2013-04-08 05:51:37 PM
Former U.S. Attorney David Shapiro has left Boies, Schiller & Flexner to start a firm of his own. He's teaming up with another former federal prosecutor and Big Law refugee to do it.
Shapiro and Martha Boersch, who left Jones Day in late 2011 to open her own shop, have agreed to launch a partnership that will be finalized in about a month, Shapiro said Wednesday. Their firm, which has yet to be named, will focus on federal criminal defense and related civil proceedings.
Shapiro and Boersch worked together for seven years at the Northern District of California U.S. Attorney's Office, and they had long wanted to reunite in practice, Shapiro said.
"I'd been wanting to see what it would be like to have my own firm," said Shapiro, who ended a 10-year run at Boies Schiller March 29. "[Boies Schiller] was very enjoyable, but I want to try something different and maybe have different kinds of cases."
The pair decided that they can accomplish much more on their own than in the fabric of Big Law, Boersch said. Shapiro said he is eager to have the freedom to handle smaller matters and represent individuals. And they will sidestep many of the conflicts that spring up at large firms, Boersch added.
"In a smaller shop, we'll have much more flexibility to do the cases that we find interesting," she said. "And we can do the work much more efficiently and cost effectively."
It's an amicable parting.
"David is a great lawyer and a great friend, and he's going to do well in whatever he does," said John Cove, a partner at Boies Schiller's Oakland, Calif., office. "We anticipate working closely with him in the future."
Boersch and Shapiro will be joined by Lara Kollios, a former Jones Day associate. And the former federal prosecutors have further growth in mind.
Boersch already has an office in the Russ Building in downtown San Francisco, and the pair is looking to acquire a larger space of 1,500 to 2,000 square feet there, she said. That space would accommodate four lawyers, and several adjacent offices could eventually house more, she added.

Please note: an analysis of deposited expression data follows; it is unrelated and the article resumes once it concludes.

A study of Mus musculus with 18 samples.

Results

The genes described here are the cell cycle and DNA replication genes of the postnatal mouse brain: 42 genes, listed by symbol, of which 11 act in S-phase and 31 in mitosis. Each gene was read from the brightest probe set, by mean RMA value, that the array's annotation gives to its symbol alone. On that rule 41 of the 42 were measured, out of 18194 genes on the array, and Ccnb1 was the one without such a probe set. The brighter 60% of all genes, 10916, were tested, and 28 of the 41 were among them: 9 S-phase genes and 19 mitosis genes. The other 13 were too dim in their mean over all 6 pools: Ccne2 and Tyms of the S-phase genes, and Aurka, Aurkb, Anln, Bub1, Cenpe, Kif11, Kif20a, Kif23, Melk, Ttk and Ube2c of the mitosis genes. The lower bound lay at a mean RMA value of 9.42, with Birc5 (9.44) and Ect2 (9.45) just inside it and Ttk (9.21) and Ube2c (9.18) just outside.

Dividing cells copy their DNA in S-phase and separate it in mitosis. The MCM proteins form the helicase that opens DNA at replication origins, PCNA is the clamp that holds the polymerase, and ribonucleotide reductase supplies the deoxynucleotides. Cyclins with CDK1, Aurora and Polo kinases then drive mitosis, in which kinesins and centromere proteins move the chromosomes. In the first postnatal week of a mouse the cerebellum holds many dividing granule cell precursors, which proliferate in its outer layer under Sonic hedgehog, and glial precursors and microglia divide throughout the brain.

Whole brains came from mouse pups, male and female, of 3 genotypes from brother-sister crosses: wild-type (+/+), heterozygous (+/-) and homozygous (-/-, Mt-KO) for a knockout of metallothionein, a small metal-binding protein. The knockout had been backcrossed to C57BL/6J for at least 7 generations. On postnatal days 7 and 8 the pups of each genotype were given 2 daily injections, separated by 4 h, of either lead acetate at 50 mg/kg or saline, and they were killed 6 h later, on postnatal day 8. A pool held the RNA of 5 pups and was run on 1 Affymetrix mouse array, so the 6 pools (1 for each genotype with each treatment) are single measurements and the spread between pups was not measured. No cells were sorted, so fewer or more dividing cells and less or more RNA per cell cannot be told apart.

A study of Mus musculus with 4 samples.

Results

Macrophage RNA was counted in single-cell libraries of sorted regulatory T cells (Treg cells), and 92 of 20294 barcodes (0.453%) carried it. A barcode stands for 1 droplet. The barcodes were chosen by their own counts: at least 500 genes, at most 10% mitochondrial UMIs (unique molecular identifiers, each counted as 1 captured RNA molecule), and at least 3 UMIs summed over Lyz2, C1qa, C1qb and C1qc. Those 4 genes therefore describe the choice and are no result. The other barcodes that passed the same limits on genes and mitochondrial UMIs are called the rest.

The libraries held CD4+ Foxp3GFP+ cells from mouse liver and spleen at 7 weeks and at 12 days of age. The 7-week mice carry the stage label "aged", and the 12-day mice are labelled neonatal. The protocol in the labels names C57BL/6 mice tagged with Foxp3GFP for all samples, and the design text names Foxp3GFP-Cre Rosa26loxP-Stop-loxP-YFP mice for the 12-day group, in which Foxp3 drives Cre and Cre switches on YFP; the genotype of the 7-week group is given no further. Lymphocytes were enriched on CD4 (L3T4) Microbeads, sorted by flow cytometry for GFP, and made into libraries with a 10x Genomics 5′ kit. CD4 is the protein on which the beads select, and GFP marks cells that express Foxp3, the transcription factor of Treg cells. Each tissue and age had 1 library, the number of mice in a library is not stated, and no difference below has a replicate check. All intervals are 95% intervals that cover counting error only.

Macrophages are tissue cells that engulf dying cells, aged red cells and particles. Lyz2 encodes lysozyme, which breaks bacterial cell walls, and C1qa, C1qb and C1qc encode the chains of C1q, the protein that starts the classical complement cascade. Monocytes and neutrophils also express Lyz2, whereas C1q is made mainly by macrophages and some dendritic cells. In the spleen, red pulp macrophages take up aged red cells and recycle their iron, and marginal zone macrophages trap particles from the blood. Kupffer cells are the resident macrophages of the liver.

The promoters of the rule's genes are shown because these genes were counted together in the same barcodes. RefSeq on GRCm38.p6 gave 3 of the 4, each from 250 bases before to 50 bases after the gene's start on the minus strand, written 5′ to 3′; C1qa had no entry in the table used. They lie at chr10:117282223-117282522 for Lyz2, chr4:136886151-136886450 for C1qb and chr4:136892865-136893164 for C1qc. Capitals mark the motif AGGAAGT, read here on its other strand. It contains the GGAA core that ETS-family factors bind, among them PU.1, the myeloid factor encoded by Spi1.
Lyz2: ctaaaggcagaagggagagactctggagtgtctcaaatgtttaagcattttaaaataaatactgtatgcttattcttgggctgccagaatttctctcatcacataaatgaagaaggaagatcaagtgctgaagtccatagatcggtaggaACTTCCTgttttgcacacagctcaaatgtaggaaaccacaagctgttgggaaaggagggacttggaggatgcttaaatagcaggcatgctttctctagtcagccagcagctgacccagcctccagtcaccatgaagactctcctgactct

Boersch is optimistic about the firm's profitability. In her first year on her own, she made almost as much as she did at Jones Day, she said. She's teamed up with veteran appellate specialist Dennis Riordan on several matters, most notably U.S. v. Nosal, the Computer Fraud and Abuse Act case that's taken a high-profile trip to the U.S. Court of Appeals for the Ninth Circuit. Boersch and Riordan are trying that case before a jury this week. Shapiro expects to stay busy, too. He said he is fielding several investigations, handling criminal appeals in the Ninth and Second Circuits and helping a large company comply with requests from regulatory agencies -- all matters he brought with him from Boies Schiller.
In a decade at Boies Schiller, including eight years as administrative partner of the Oakland office, Shapiro defended corporate clients ranging from American Express to Tyco International in litigation. Before entering the law firm fold, he helped launch sections for securities fraud and computer hacking and intellectual property, or CHIP, at the U.S. Attorney's Office. He capped off a 16-year career as a federal prosecutor with an interim appointment as U.S. Attorney for the Northern District of California before Kevin Ryan was awarded the permanent position.